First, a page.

I recently gave a talk at DevXCon San Francisco about my experience working on a developer relations team and why I so adamantly advocate for human centered design education for the developers who use Google’s APIs, tools and developer platforms. This is the abbreviated version of that talk. I hope you enjoy!
When it comes to design advocacy among developers, I’ve heard it all.
“Yeah, sure design’s important, but it’s not as important as machine learning.”
“Design’s easy, we don’t need to teach it.”
But lately it’s become apparent to me that many non-designers have a very narrow definition of what design is and, erroneously think it’s not relevant to what we do in Developer Relations.
Design covers a HUGE variety of topics: visual design, typography, imagery, brand, accessibility, mobile UX principles, design components, design tooling, UX for developer tools, UX for AI, design sprints, material theming. *wink*
So let’s look at what the word Design really means. According to the Webster Merriam dictionary, the definition of design is to “create, fashion, execute, or construct according to plan.”
And as I scrolled down the page, I found this in the first example of design being used in a sentence:
You see, by definition engineering requires design. And dialing in a bit more, let’s look at the definition of Product Design. According to The Oxford Dictionary:
Product design is the process of creating or improving a product by learning what consumers want and examining similar products that are already available.
And here’s a definition of Graphic Design from Wikipedia:
Graphic design is the process of visual communication and problem-solving using one or more of typography, photography and illustration
So, to bring those three definitions together:
Design is a process for problem solving by learning what consumers want and building a plan for execution.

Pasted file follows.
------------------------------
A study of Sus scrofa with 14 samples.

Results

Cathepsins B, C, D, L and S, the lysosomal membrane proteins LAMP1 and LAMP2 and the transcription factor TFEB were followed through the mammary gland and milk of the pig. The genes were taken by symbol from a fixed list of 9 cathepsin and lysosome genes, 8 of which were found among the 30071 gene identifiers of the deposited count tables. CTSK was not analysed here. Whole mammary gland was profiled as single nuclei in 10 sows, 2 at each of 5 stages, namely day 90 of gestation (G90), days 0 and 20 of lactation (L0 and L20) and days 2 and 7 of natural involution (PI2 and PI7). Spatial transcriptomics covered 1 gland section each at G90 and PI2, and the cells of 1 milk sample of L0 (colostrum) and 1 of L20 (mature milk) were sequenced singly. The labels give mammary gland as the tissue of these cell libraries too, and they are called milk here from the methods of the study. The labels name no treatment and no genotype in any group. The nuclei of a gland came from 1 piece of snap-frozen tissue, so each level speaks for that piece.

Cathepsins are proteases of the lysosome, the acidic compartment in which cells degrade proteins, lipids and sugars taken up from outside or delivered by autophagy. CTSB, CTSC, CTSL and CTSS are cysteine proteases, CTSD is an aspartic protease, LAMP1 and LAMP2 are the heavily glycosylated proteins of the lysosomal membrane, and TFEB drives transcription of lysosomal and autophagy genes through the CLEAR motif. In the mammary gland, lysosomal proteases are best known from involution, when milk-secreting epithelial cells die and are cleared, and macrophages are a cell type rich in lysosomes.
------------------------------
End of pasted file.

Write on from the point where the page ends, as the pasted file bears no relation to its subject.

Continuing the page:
In short, design isn’t a single thing. It’s everything. It’s so dynamic that there’s even a series called Design is […] which covers the breadth of topics that fall under the umbrella of design.
Design is [creative]
Design is [analytical]
Design is [artistic]
Design is [useful]
So when someone in DevRel (or a developer on your team) who says they don’t see the value in design, they must not understand the definition of the word.
And while we’re defining terms, I’ll take a moment to define what developer relations is. In essence, the role of a Developer Relations team is to educate developers on how to get the most out of your product and to, in turn, be the voice of the developer ecosystem to help product teams improve features and functionality. However, in order for Developer Relations to be successful, developers must be successful. And in order for developers to be successful, they must understand how to turn customer problems into actionable insights; they must understand design.
To read more about HOW to implement a design-first attitude, see my next post: Design for DevRel in 3 Easy Steps.
PS: DevXCon will soon publish a recording of my talk, which I’ll be sure to post here as well.